Over the past couple of weeks, precious metals prices have been pulling back from their recent highs. For anyone taking a short-term view, it’s not a positive development. But appearances are sometimes much different from reality – especially once you allow a little bit of time to pass.
Historically, since the gold standard was removed in 1971, gold’s price has had two major “bull market” fluctuations, from 1971 to 1980 and from 1999 to 2011.
During those two bull runs, the price of gold shot up 2,100% and 650%, respectively. You can see both reflected below:
You can also see how gold’s price dropped near the start of the 2008-09 financial crisis, but then began shooting up like a rocket about halfway through.
Finally, you can see on the chart where the end of 2015 represents the most-recent “bottom” price for gold. This leaves us with the question…
Where Could Gold’s Price Go From Here?
According to Jim Rickards, when you average out the previous two bull runs, that bottom in 2015 is where the next decade-long bull run for gold could start:
Applying the average gain and average duration to the Dec. 17, 2015, bottom at $1,051 per ounce leads to a forecast that the new gold rally will hit $11,000 per ounce on Feb. 16, 2026.
Of course, Rickards notes that the sample size is small, and to take this prediction with a grain of salt.
But gold’s price could also follow the script from 2008-2011, when dropped initially but then rose sharply.
Let’s zoom in on that part of the chart above:
You can see how, after dropping between March and September of 2008, gold’s price rebounded to reach over $1,900 in 2011.
A recap article from Kitco explained why prices staged this rally:
In an October 2009 research note from Dundee Precious Metals, there were several reasons why gold prices were expected to go up in the coming years, including fiscal and monetary reflation, investment demand, the bullish price cycle in gold and geopolitical worries.
Jim Rickards explained why he thinks that happened, and why it could happen again in the near future:
If weak hands are selling, won’t the strong hands jump in to buy? The answer is yes, but not right away. The strong hands see what’s going on and are prepared to buy, but not until the last distressed party has closed out his last gold futures contract. Then the strong hands pounce like a lynx looking for breakfast. That’s when the price of gold soars and the bull market in gold gets back on track.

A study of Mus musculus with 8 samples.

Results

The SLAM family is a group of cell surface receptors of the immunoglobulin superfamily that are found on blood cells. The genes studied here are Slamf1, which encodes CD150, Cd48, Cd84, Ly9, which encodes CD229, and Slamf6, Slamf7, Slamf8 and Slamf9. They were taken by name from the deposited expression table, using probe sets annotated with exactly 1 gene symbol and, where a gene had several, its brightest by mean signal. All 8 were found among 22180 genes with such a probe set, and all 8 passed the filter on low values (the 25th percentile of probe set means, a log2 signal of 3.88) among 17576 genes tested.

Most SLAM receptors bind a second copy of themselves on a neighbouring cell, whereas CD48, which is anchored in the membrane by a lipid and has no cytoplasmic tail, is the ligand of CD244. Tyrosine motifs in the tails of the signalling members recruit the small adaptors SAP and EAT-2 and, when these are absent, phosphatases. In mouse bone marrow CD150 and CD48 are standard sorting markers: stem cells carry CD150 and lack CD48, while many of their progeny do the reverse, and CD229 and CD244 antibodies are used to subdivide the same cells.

Rickards also explained gold’s recent drop in price, claiming it is “not unusual”:
When viewed against the background of a global pandemic from coronavirus, some of the worst single-day drops in stock prices in history, a spreading liquidity crisis and a potential worldwide recession… a decline in the price of gold is not only not unusual, but entirely to be expected.
So once you consider that the Dow has been whipsawing for the last three weeks, the recent decline in gold’s price may not last long.
That, and the “strong hands” that Rickards references may already be making a move towards physical gold.
The Demand for Physical Gold and Silver is Increasing
According to Kitco, silver sales are skyrocketing: “Data from the U.S. Mint shows that it has sold 2.32 million one-ounce silver coins so far this month, up significantly from February sales of 650,000 coins.”
And based on wholesale cost over spot price for 1 oz bullion American Eagles, premiums for physical products are soaring higher. Gold is selling at about a 6% premium and silver is selling at an 86% premium. Both of these figures are well over their averages from earlier in the year.
So even as the spot price of precious metals has dipped in recent weeks, demand for physical products has been skyrocketing.
Brandon Smith of Alt-Market.com argues, “Crash conditions will likely inspire more and more people to demand physical delivery on precious metals over the course of 2020, as fears of paper market shutdowns due to the pandemic grow.”
If that comes to fruition, we may likely see a complete decoupling of paper and physical gold prices.
Now is the Time
Having a diversified portfolio with assets known for their protection during uncertain times is a strategic way to diversify your retirement.
Holding assets such as physical gold and silver could prevent your retirement savings from suffering the consequences of being overexposed to equities.